Mummy of Egyptian pharaoh digitally 'unwrapped' after 3,000 years

Scientists have used non-invasive imaging to see inside the burial wrappings of the Egyptian Pharaoh Amenhotep I.

For the first time in 3000 years, the digital ‘unwrapping’ revealed new details about the ruler who is thought to have died young at around the age of 35.

Scientists aimed to understand the events surrounding Amenhotep’s death, mummification, and later reburial. They found that he died in his mid-30s and was around 5 feet 5 inches tall. Details of their work have been published in Frontiers in Medicine.

Amenhotep I reigned from 1525 BCE to 1504 BCE, during ancient Egypt’s 18th Dynasty. About 400 years after his death, his mummy was opened in order to repair the damage done by grave robbers and subsequently reburied. The mummy has recently been kept at the Egyptian Museum in Cairo.

Museum officials had decided against opening the mummy because of its perfect wrapping, decorated with flower garlands and with its face and neck covered by an exquisite lifelike facemask inset with colourful stones.


‘The discoveries were possible thanks to the advancement of technology that enabled digital unwrapping of the mummy non-invasively, preserving it,’ said Saleem.

CT scans were used to look at Amenhotep’s remains including regions of the body that are otherwise inaccessible. The scans take thousands of images of slices of the body, which can be assembled into high-quality 3D views, making it the perfect technology for examining fragile mummies, ensconced in many layers of wrappings.

The scans revealed 30 different amulets and a girdle made of gold beads adorning the mummy.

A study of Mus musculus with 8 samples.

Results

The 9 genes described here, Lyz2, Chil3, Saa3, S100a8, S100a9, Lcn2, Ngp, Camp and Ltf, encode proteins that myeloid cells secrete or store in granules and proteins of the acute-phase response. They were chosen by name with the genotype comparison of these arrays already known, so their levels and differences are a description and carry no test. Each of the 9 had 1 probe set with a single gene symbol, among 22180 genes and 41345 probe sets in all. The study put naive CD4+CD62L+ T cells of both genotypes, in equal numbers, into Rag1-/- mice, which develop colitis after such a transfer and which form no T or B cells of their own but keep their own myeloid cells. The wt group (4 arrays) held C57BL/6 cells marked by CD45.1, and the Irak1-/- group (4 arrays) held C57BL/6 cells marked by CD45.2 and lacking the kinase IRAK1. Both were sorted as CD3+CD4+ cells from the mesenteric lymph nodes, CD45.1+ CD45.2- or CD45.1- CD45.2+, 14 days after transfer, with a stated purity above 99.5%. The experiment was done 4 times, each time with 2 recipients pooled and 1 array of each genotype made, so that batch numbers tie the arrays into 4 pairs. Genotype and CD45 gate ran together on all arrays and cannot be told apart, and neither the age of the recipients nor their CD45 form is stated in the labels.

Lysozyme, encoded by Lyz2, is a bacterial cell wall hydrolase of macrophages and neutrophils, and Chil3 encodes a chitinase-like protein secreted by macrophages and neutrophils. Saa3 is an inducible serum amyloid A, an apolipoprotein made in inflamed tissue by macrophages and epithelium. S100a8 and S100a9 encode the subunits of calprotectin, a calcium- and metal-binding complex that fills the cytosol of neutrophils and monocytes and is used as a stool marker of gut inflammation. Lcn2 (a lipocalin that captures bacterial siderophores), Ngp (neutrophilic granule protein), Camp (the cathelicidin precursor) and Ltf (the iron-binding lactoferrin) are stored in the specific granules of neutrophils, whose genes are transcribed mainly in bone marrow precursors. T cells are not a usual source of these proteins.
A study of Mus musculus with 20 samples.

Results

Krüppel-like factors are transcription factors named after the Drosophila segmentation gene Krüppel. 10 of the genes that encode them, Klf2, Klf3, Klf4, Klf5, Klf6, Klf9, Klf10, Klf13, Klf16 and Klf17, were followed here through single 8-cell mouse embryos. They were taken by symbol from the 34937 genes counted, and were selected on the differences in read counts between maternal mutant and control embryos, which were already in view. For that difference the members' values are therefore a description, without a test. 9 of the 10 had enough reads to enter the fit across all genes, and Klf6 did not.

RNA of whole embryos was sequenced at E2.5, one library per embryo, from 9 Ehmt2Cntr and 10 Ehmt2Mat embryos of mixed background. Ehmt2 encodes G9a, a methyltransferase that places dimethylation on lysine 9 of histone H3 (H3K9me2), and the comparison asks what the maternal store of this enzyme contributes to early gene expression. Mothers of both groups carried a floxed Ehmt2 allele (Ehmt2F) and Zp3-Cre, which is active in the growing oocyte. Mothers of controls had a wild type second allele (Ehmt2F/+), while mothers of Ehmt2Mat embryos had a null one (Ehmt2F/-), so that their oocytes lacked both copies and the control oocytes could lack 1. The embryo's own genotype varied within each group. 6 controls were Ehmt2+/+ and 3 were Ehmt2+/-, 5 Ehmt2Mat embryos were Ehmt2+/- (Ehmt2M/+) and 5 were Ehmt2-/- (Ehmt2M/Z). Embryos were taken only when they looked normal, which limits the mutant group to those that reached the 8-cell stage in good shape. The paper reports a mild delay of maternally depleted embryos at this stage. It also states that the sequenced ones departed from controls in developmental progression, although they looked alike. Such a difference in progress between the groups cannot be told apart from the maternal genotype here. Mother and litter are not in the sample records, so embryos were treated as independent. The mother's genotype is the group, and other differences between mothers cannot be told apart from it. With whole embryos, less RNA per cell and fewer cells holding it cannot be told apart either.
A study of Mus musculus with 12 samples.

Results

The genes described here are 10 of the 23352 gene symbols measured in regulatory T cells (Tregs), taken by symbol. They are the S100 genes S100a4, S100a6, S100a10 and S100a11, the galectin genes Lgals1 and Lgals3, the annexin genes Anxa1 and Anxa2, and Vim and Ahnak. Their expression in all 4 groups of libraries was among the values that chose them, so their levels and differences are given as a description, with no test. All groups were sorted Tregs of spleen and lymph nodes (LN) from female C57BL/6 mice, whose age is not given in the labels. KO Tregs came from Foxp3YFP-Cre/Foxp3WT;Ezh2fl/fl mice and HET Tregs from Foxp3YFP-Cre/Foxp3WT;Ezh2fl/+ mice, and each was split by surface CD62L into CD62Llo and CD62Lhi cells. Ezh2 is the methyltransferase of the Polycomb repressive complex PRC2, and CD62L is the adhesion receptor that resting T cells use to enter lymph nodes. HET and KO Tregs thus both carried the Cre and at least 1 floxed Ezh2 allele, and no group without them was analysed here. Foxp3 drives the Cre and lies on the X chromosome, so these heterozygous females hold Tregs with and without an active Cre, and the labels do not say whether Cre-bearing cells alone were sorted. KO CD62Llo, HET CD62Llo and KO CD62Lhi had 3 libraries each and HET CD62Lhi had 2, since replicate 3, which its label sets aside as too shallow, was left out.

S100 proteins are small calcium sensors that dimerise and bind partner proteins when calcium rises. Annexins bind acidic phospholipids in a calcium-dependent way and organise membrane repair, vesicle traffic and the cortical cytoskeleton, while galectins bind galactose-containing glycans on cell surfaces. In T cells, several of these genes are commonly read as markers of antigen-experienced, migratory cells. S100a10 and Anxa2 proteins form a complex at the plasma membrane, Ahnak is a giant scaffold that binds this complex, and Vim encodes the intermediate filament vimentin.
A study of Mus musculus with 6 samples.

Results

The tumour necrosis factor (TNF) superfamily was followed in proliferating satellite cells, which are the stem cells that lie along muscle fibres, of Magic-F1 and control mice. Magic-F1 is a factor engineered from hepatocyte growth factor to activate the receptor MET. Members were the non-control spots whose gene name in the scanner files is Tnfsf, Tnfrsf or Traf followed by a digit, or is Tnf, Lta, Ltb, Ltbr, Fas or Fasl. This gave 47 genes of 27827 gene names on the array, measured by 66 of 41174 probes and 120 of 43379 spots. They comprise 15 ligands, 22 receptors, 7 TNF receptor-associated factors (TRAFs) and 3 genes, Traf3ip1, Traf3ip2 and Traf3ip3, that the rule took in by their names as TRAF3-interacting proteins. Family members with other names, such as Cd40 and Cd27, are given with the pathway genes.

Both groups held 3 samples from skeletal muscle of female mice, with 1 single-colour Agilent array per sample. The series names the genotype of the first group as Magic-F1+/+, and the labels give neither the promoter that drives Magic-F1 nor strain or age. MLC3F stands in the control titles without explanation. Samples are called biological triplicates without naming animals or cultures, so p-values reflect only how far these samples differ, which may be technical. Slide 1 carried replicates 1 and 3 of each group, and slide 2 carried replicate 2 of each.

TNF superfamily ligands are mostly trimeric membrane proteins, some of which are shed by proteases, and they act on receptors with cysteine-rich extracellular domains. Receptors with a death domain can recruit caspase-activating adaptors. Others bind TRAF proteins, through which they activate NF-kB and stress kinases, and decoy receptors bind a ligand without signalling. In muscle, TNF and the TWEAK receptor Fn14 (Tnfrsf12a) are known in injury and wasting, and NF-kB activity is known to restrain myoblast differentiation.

The scientists couldn’t find any indication that Amenhotep I died of a flesh wound or noticeable disease. The body had been mutilated, but the researchers suspect that was done post-mortem by grave robbers. The areas that had been hacked at were the neck and limbs—typical places for jewellery, the researchers noted in the study.

The researchers found that the pharaoh still has some locks of hair, which were curly. The mummy also had all its teeth with the top row protruding slightly. The pharaoh was circumcised, and his penis was independently wrapped.

‘Special wrappings were applied to the head, hands, and genitals to help the deceased’s journey to the afterlife,’ Saleem explained.

Amenhotep I ruled in the New Kingdom era which was the height of the ancient Egyptian civilization, according to the researchers. The civilization at that time was very rich and advanced in all aspects, including mummification. Royal mummies of the New Kingdom were the most well-preserved ancient bodies ever found.

There’s no evidence that the embalmers attempted to remove the pharaoh’s brain, which was still inside the skull, nor his heart. Typically, embalmers removed the internal organs to avoid body putrefaction.

All organs were removed except the heart, as ancient Egyptians believed that the heart was the house of the soul.

Saleem added that some of the adornments on the mummy were likely added by later embalmers to address the hack marks made by grave robbers. This indicated that even several centuries after a pharaoh’s death, the ancient Egyptians still made sure their dead were cared for.

Just this April, CT scans illuminated a 3,200-year-old mud-covered mummy and revealed the first known pregnant mummy, which previously was misidentified as male.